Dr Will Tattersdill BA (Hons.), MSt, PhD

Dr Will Tattersdill

Department of English Literature
Senior Lecturer in Popular Literature, Liberal Arts, and Natural Sciences

Contact details

131, Arts Building
University of Birmingham
B15 2TT

I’m interested in the relationship between literature and science, especially as it is figured in popular culture from the nineteenth century to the present. My current work is on the social history of dinosaurs over this period.


  • BA (University of Exeter)
  • MSt (Exeter College, Oxford)
  • PhD (King’s College London)
    Thesis title: ‘Science, Fiction, and the Monthly Magazines 1891-1905.’


I grew up in Moseley and studied in Exeter, Oxford, and London before returning to Birmingham for a teaching fellowship in 2013. In September 2014 I became a full-time lecturer in the English department, and have been senior lecturer since June 2018. In September 2020 I joined the University's school of Liberal Arts and Natural Sciences, although I continue to teach and supervise in English Literature as well.


  • From Research to Policy I (LANS, Level C)
  • The Uses of Genre (English Literature, Level I) - convenor
  • Interdisciplinarity I (LANS, Level I)
  • Alternative Facts (English Literature, Level H) - convenor
  • Evolutions of Popular Fiction (English Literature, Level M)

Postgraduate supervision

I am happy to read applications on any selection from or combination of the following subjects, for any period from 1854 to the present day:

Genre Theory
Popular Fiction
Literature and Science
Science Fiction
Alternate History
Literature and Museums
Geology, prehistory, or palaeontology in popular culture
Periodical Studies
Journalism (especially 1850-1910)
Empire (especially 1880-1900)
Book History


In my doctoral research, I examined the connections between literature and science in popular magazines of the fin de siècle. In particular, I focussed on the emerging genre of science fiction, arguing that the co-presence of fact and fiction alongside each other in these general magazines created a publishing environment in which sci-fi could thrive.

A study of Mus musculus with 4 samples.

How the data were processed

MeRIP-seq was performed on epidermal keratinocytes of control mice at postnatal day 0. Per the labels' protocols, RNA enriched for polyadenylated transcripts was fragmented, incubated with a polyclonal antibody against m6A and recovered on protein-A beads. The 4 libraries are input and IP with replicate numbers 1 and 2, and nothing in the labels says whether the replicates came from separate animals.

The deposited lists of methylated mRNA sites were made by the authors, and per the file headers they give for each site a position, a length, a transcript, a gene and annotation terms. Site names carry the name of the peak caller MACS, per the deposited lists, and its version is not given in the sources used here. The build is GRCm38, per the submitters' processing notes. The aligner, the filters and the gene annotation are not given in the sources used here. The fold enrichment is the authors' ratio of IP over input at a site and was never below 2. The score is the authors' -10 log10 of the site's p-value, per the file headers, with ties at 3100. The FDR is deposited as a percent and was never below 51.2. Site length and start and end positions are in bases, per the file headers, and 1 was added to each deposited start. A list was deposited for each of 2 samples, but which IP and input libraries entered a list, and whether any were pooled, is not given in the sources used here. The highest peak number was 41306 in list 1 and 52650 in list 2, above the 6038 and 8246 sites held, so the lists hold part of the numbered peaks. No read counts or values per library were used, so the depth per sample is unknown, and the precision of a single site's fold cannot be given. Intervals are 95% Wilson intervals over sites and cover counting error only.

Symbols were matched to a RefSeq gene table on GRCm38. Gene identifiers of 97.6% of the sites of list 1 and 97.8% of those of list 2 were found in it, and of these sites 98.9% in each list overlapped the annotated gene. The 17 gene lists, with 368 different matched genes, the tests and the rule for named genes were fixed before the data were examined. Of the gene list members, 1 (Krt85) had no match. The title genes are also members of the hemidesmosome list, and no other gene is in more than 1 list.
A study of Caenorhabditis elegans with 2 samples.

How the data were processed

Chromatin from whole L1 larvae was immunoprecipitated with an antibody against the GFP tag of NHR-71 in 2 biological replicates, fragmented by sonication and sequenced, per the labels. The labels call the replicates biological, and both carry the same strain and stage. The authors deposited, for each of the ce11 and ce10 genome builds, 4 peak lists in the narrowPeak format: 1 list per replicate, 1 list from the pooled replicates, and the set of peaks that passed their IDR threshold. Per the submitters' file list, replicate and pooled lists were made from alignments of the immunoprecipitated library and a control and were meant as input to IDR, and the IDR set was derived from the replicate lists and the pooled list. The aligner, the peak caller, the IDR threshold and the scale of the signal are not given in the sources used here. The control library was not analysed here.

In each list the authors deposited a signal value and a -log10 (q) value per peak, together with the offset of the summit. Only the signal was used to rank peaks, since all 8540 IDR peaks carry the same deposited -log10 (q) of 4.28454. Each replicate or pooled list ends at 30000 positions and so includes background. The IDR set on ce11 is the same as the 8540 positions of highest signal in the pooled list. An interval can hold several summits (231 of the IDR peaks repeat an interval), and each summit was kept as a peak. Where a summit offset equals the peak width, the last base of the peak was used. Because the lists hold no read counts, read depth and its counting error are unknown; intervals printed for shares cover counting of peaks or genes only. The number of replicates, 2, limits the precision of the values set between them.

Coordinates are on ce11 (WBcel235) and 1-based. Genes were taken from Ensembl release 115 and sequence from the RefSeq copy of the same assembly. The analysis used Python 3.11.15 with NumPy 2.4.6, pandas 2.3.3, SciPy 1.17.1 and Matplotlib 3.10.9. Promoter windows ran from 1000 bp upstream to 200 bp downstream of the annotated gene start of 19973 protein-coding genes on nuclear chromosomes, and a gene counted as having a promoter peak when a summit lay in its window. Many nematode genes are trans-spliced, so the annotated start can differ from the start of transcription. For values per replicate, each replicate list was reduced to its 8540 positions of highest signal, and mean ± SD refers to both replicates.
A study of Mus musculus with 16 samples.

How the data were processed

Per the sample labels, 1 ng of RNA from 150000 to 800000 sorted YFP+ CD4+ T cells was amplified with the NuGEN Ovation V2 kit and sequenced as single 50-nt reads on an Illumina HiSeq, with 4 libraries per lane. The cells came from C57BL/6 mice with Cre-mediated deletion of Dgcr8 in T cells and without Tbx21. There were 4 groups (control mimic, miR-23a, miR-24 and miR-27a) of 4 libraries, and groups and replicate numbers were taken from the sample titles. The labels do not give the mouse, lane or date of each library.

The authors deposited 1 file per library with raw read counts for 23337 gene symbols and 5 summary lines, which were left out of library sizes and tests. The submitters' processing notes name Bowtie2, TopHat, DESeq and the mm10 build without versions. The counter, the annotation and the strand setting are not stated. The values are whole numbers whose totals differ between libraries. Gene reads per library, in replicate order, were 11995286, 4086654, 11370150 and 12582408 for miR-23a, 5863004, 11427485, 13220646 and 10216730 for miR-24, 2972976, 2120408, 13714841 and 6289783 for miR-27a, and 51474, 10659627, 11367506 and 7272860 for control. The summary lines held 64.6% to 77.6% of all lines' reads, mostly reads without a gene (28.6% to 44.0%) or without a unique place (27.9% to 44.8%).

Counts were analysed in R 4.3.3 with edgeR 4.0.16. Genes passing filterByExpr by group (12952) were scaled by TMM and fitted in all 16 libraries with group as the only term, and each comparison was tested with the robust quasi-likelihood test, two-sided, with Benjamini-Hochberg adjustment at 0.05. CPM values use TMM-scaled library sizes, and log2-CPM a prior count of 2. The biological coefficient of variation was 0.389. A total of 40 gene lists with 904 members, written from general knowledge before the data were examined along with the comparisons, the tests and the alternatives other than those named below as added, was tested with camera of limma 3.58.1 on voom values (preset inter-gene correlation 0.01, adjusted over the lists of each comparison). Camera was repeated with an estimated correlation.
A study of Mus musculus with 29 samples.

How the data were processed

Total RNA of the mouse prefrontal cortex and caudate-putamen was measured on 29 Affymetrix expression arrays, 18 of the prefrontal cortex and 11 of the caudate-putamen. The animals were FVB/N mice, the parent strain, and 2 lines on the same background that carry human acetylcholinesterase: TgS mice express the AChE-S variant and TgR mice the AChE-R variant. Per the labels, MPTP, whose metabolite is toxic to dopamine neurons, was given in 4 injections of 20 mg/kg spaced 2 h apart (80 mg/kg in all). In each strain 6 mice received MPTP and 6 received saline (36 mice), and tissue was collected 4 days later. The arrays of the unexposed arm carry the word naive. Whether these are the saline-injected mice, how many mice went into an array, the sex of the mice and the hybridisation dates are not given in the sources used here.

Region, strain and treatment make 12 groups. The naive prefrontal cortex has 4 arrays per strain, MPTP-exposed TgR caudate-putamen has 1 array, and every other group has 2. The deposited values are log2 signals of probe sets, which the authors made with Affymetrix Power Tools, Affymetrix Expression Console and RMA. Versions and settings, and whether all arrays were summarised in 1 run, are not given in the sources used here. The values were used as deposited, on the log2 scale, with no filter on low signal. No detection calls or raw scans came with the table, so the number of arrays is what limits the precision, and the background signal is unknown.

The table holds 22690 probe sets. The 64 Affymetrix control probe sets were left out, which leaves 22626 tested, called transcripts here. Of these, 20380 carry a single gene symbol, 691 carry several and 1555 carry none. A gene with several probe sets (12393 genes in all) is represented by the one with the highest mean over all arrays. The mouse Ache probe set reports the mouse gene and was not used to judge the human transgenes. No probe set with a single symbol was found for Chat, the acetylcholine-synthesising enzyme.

My current research looks at these ideas across a wider time period, focussing on how dinosaurs are articulated in popular culture. Dinosaurs are impossible without a great deal of both close scientific study and abstract imaginative work - I’m investigating the way the relationship between literature and science plays out as the social dinosaur moves through time.

I am also interested in book history, periodical studies, museums, imperialism, popular fiction, crime writing, and modernism.

Other activities

I am LANS's liaison to the College of Arts and Law, and am happy to talk to any student interested in pursuing a Liberal Arts and Natural Sciences degree with an emphasis on the humanities.

I have previously taught on the Access to Birmingham (A2B) programme and at the AEP and HEI summer schools, among other kinds of school and community outreach. I warmly encourage contact from anybody who’d like to talk to me in this capacity.

I am a member of the British Society for Literature and Science (BSLS) and the British Association of Victorian Studies (BAVS). I am also a Fellow of the Higher Education Academy.


Recent publications


Tattersdill, W 2016, Science, fiction, and the Fin de Siècle periodical press. Cambridge Studies in Nineteenth-Century Literature and Culture, Cambridge University Press. https://doi.org/10.1017/CBO9781316534724


Burke, V & Tattersdill, W 2022, 'Science fiction worldbuilding in museum displays of extinct life', Configurations, vol. 30, no. 3, pp. 313-340. <https://muse.jhu.edu/article/862964#info_wrap>

Naish, D & Tattersdill, W 2021, 'Art, anatomy, and the stars: Russell and Séguin's Dinosauroid', Canadian Journal of Earth Sciences. https://doi.org/10.1139/cjes-2020-0172

Kistler, J & Tattersdill, W 2019, 'What's your dinosaur? or, imaginative reconstruction and absolute truth in the museum space', Museum & Society, vol. 17, no. 3, pp. 377-389. https://doi.org/10.29311/mas.v17i3.3219

Tattersdill, W 2017, 'Looking at the Issues: Science and Fiction as Genres in the Fin de Siècle Magazine', Textual Practice, vol. 31, no. 2, pp. 417-431. https://doi.org/10.1080/0950236X.2016.1249706

Tattersdill, W 2017, 'Work on the Victorian Dinosaur: Histories and Prehistories of Nineteenth-Century Palaeontology', Literature Compass, vol. 14, no. 6, e12394. https://doi.org/10.1111/lic3.12394

Tattersdill, W 2013, 'Periodicity, Time Travel, and the Emergence of Science Fiction: H. G. Wells’s Temporal Adventures in the Pages of the New Review', Victorian periodicals review, vol. 46, no. 4, pp. 526-538. https://doi.org/10.1353/vpr.2013.0048

Chapter (peer-reviewed)

Tattersdill, W 2022, Nonhumanoid Alien Life. in L Garcia-Siino, S Mittermeier & S Rabitsch (eds), The Routledge Handbook of Star Trek. 1st edn, Routledge Literature Handbooks, Routledge.


Tattersdill, W 2020, 'Discovery' and the form of Victorian Periodicals. in S Mittermeier & M Spychala (eds), Fighting for the Future: Essays on Star Trek Discovery. Liverpool University Press, Liverpool.


Burke, V & Tattersdill, W 2022, 'Introduction: Museums in Science Fiction, Science Fiction in Museums', Configurations, vol. 30, no. 3, pp. 247-256. https://doi.org/10.1353/con.2022.0016

Special issue

Tattersdill, W & Burke, V (eds) 2022, 'Science Fiction and the Museum', Configurations, vol. 30, no. 3. <https://muse.jhu.edu/issue/48421>

Tattersdill, W & Sudan, R (eds) 2018, 'State of the Unions', Configurations, vol. 26, no. 3.